The relationship between politicians and bureaucrats has always been a delicate one, cordial at best. While politicians provide the vision and policy direction, bureaucrats implement these within the legitimate framework and provides continuity to governance and is duty-bound to serve the elected representatives but is obliged to object to pressures which are potentially illegal and unconstitutional. There is no doubt that the relationship is a challenging one and ideally symbiotic but fraught with dangers because it is ultimately a division of powers between the two which is essential to our system of checks and balances. A weak political leadership will result in bureaucrats running riot and ruling the roost, throwing the government machinery out of gear and making implementation of government policies difficult if not impossible, while domineering or overbearing ministers can render bureaucrats irrelevant and subservient thereby leading to all manners of abuses of power entrusted with them.
The recent declaration by the Chief Minister of meting out strict actions regarding non-responsive bureaucrats of the state on a complaint brought up by a minister is another instance where the tussle, and therefore the balance of power was perceived to be tilted to one side. The flipside of the incident is that the minister has been seen by many as one who is unable to take matters into his own hands and one lacking the skill and the authority to address the issue despite the constitutional powers and authorities bestowed on him to perform the task.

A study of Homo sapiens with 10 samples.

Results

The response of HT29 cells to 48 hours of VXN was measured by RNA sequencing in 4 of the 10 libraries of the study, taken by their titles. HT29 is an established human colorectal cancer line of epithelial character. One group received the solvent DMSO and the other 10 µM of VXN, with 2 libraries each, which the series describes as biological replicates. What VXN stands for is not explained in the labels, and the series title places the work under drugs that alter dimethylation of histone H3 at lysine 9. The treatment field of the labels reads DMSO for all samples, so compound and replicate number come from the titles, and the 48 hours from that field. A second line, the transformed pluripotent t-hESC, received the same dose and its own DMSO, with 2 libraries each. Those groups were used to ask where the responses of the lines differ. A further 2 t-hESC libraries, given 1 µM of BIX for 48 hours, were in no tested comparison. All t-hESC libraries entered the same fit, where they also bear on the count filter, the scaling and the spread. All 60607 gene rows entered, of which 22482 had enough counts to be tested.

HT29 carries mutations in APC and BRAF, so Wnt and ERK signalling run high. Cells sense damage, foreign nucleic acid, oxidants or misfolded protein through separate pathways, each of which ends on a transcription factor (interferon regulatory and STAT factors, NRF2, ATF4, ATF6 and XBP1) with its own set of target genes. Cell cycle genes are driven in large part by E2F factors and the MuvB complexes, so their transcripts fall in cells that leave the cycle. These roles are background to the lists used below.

Reforming the bureaucratic system has for long been felt to be the answer to the policy paralysis which has so far been holding back the pace of progress and development in the country. The system, a behemoth entity consuming an estimated 12 per cent of the government’s revenue receipts is still perceived by the general public as corrupt, inefficient and unresponsive owing to the unpleasant and often frustrating experiences of having to deal with them.
It must be said that the attempt made by the central government to reverse previous policy paralysis immediately after it came to power by empowering the bureaucracy to take decisions relying on their best professional judgments without considering undue pressures from any quarter have not been able to bring about a perceptible change as anticipated, yet. While there had been a slew of measures taken up by the state government to curb corruption in public offices and improve transparency in government offices, there is still a considerable amount of trust-deficit amongst the public for government offices and institutions.
The need of the hour to bring about that much needed positive change in the governance of the state is to start with a practical and effective system of checks and balances between the bureaucrats and politicians. A healthy dose of competition and mutual respect for each other will go a long way in removing the entrenched paralysis in administration and getting the state well and truly on the move.